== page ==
Players, coaches and support staff, numbering more than 1,000, would live under quarantine at one of the large resorts near Walt Disney World for an undetermined length of time, said those people, who spoke on the condition of anonymity because they were not authorized to speak on the matter.
Teams would practice and play primarily at ESPN Wide World of Sports, which sits on 220 acres as part of Disney’s massive footprint in central Florida. Disney-owned ESPN is one of MLS’s broadcast partners.
Spokesmen for MLS and the MLS Players Association said they did not want to comment. The Walt Disney Co. did not reply to a message seeking comment.
The league is expected to accelerate plans over the next two weeks and set the framework for resuming a season that, because of the pandemic, was shuttered in March after two weekends of matches.
In jurisdictions where such activities are permitted, several teams have begun voluntary individual workouts. The league has postponed all matches until at least June 8, though the realistic timetable stretches deeper into the summer.
MLS hopes to soon allow players to begin training as part of small groups in local markets, a step the Bundesliga took last month before ramping up operations. The elite German circuit, along with the country’s second division, will resume this weekend with matches played without spectators. Other European leagues have also made plans to restart their seasons in the coming weeks.
Under its Orlando plan, MLS would welcome teams for workouts and multiple matches per day, which ESPN platforms would carry. It’s unclear whether the league’s other TV partners, Fox Sports and Univision, would show games.
Without spectators in the stadium, MLS is eyeing opportunities to bond with fans through behind-the-scenes packages and interactive engagement on ESPN and the league’s digital platform.
Florida partially reopened nonessential businesses last week, although sports venues, including ESPN Wide World of Sports, remain closed.
Players would have to be tested regularly — provided tests are even available in large quantities — and undergo regular medical evaluations.
They would not be allowed to bring their families, two people familiar with the plans said. For those with children, it would place a long-term burden on their spouses, and it would put emotional strains on relationships in general.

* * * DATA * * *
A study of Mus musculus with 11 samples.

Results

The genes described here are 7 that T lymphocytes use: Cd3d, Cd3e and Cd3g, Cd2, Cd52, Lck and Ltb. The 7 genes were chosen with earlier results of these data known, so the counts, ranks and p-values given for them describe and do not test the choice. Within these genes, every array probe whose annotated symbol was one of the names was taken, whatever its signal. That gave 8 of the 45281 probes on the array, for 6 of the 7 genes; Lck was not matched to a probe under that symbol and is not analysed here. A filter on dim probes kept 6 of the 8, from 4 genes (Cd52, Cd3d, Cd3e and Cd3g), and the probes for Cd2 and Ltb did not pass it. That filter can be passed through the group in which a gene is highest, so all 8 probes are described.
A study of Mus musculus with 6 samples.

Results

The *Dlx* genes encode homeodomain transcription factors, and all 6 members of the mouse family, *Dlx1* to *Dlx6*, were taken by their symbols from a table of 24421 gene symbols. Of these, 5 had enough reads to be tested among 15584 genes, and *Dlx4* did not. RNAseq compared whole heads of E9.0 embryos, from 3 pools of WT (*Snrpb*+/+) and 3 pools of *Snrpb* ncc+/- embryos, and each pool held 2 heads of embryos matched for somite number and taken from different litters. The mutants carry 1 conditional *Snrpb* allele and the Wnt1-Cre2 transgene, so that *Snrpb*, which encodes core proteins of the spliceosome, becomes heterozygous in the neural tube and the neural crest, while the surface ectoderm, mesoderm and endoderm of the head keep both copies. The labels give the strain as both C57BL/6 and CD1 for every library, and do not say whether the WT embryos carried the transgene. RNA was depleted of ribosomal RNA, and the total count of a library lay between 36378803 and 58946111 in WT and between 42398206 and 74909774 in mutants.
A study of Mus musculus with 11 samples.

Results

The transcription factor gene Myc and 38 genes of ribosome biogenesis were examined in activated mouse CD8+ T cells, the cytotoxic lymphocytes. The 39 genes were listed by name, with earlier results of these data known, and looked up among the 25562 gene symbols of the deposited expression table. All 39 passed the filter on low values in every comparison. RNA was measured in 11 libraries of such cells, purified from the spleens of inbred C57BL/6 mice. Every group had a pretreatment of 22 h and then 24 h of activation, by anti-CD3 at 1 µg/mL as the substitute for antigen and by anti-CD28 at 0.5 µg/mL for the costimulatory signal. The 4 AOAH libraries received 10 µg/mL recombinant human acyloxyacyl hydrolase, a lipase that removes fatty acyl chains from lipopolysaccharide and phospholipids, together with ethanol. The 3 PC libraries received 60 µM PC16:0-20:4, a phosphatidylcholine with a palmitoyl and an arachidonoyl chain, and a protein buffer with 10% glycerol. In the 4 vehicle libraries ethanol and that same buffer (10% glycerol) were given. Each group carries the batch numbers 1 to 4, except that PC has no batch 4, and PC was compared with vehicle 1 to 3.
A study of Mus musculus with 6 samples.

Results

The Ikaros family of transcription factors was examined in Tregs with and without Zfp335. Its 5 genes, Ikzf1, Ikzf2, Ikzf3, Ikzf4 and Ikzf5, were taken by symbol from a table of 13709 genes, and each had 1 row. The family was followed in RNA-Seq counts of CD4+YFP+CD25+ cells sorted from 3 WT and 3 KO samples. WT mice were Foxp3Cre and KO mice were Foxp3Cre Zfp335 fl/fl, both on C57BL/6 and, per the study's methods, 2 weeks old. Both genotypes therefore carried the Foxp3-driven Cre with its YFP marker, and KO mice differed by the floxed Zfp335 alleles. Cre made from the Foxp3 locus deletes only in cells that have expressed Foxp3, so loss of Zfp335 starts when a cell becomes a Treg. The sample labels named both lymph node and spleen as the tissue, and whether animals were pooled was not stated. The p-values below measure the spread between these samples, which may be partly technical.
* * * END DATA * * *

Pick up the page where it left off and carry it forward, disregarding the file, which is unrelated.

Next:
The league would also have to consider the health and safety of hotel and stadium employees, bus drivers, security and TV crews and accredited media. MLS would presumably have a contingency plan in place in case anyone tests positive.
“What is most important is to ensure they are safe in whatever environment we are able to develop to get them back to train first and then obviously get back to playing games,” Garber told Yahoo Finance last week.
At some point, the league would plan to send teams home for games without spectators, though varying degrees of state restrictions might leave some unable to host matches in the foreseeable future.
The Orlando idea is among multiple options that have been considered by MLS, which, like other pro sports leagues, is exploring ways to play without endangering players and employees.
Among the proposals is to select two or more locations to stage workouts and matches this summer. The league has also braced for not playing any games until at least September.
MLS does have some calendar flexibility. The regular season is scheduled to end in early October and the postseason one month later. In the past, the playoffs have finished the second week of December.
League officials have said they would consider playing a truncated schedule into the winter and holding MLS Cup at a predetermined, warm-weather site in early 2021.
The scheduling plans come as MLS and the MLSPA continue to negotiate salary cuts for the players. The league, which relies heavily on game-day revenue, sent its latest proposal to the union late last week.